Implementing a National Nurse was an idea that many believed was ahead of its time when it was first published in The New York Times in May 2005. And today, with healthcare in the limelight, a National Nurse to attract attention to prevention makes even more sense.
That is why Congressman Earl Blumenauer introduced HR 4601 into the U.S. House of Representatives. This Bill is called, “The National Nurse Act of 2010” and, Congressman Blumenauer believes, “Establishing a full-time National Nurse is an important way to make heard the voices of thousands of dedicated nurses across the nation.”
A handful of hard-working grassroots nurses that comprise the Office of the National Nurse Network are responsible for making our legislators, the public, and the media take notice of a common sense approach to health and wellness. These nurses have a strong following of nurses who believe that a National Nurse should become a reality in our lifetime because nurses are accessible, educated, and trusted.
Nurses comprise the largest sector of healthcare providers, outnumbering physicians by four to one. They know first-hand that our nation has been providing sick care, not health care. They see devastation caused by poor nutrition and an absence of disease prevention. And since poll after poll indicates that nurses are well-liked and trusted, it is time to utilize them to do what they do best: educate with heart! Who better to engage nurses in national wellness and prevention goals than a National Nurse?
There is no need to reinvent the wheel as far as policy is concerned. A governmental position within the US Public Health Service currently exists that includes some of the duties proposed for the National Nurse to undertake. But the title of that position is, “Chief Nursing Officer” (CNO). That title does little to enlighten the public. It is a title that is shared by many hospital and community nursing leaders. Just like the Surgeon General title is unique and gives the public the perception that physicians are worthy of a place at the highest level of our democracy, so will the title, “National Nurse” give importance to nurses across the country – whether they are serving at the bedside or educating groups about matters of the body, mind, and spirit.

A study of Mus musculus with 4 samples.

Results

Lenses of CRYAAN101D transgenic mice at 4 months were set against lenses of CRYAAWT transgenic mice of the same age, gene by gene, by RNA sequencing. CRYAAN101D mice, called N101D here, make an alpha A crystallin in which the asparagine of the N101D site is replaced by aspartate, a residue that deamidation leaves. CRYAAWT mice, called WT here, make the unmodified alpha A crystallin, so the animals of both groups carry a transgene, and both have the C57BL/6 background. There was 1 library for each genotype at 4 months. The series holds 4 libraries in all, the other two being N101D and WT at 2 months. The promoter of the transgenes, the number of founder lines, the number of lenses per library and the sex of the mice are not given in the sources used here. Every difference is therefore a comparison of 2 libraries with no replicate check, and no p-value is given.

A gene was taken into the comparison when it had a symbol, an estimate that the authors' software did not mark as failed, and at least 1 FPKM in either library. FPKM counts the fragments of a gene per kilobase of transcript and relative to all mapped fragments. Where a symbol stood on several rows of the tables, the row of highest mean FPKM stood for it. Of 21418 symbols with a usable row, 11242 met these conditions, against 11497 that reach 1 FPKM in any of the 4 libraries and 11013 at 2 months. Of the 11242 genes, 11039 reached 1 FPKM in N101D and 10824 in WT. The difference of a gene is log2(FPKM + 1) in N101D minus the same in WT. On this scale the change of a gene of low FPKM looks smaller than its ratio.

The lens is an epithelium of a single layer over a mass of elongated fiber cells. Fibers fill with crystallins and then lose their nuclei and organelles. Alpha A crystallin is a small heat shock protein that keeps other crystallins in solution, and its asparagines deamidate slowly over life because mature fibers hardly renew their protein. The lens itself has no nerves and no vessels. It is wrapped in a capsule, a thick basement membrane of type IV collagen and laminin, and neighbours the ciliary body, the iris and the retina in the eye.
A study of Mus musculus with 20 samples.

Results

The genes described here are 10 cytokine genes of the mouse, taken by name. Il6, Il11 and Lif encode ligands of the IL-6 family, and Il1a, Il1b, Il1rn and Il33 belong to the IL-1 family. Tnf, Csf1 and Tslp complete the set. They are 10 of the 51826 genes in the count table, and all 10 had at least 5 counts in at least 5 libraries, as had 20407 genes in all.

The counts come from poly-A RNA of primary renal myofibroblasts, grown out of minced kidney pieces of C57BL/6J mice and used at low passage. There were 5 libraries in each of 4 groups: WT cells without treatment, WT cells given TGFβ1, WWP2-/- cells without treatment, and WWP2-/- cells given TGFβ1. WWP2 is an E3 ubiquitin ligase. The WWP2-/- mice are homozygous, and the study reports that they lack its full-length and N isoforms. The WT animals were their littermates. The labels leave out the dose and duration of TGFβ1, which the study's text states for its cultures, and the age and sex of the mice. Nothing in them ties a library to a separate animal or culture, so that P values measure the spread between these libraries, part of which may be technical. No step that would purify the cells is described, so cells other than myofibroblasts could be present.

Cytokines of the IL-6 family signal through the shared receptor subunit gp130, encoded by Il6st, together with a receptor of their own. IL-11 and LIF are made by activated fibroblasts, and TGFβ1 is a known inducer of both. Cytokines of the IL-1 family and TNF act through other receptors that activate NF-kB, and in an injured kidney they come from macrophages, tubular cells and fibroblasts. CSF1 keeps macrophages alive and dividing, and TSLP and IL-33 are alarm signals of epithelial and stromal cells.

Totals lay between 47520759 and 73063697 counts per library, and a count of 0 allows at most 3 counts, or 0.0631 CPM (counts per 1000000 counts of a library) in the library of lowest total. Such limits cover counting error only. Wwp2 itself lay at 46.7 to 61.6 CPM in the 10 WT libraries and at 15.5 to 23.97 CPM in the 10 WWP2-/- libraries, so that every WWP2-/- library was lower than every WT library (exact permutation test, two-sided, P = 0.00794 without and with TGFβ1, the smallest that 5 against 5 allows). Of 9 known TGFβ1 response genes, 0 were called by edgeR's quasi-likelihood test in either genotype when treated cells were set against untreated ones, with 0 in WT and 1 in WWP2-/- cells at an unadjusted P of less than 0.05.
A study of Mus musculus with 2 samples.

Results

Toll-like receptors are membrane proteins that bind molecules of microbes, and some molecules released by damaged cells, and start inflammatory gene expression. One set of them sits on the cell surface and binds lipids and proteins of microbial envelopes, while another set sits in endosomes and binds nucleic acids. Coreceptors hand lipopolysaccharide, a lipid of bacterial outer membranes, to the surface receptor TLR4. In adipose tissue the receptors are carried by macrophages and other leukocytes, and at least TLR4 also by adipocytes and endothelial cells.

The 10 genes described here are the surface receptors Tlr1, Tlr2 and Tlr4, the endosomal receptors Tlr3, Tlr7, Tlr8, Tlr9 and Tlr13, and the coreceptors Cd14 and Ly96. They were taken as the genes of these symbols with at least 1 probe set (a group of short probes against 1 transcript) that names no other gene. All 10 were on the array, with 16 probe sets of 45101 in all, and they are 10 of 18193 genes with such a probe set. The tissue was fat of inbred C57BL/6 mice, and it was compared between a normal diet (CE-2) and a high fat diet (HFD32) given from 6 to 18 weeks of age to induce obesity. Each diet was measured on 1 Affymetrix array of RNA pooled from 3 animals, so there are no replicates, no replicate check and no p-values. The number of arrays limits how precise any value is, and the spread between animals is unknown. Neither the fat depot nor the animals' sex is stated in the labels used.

Nurses have the expertise, skills, and desire to improve our nation's health. Giving one nurse the title of “National Nurse” would give nurses across the country, societal visibility and credibility. These two factors can incite both nurses to teach, and public to listen; a synergistic recipe for success, that fits in perfectly with the 2010 theme from the American Nurses Association - Nurses: Caring Today for a Healthier Tomorrow.
The time is now to envision the possibilities of health and wellness by a profession that is ready to serve, and that includes an Office of the National Nurse.
By Lillian Gonzalez BSN, RN
Nurses, please leave a comment below sharing your thoughts about implementing a National Nurse!
For current information about the progress of establishing an Office of the National Nurse and to see the list of the dozens of international, national, and state organizations and legislative bodies who endorse the initiative, please visit: http://nationalnurse.org/.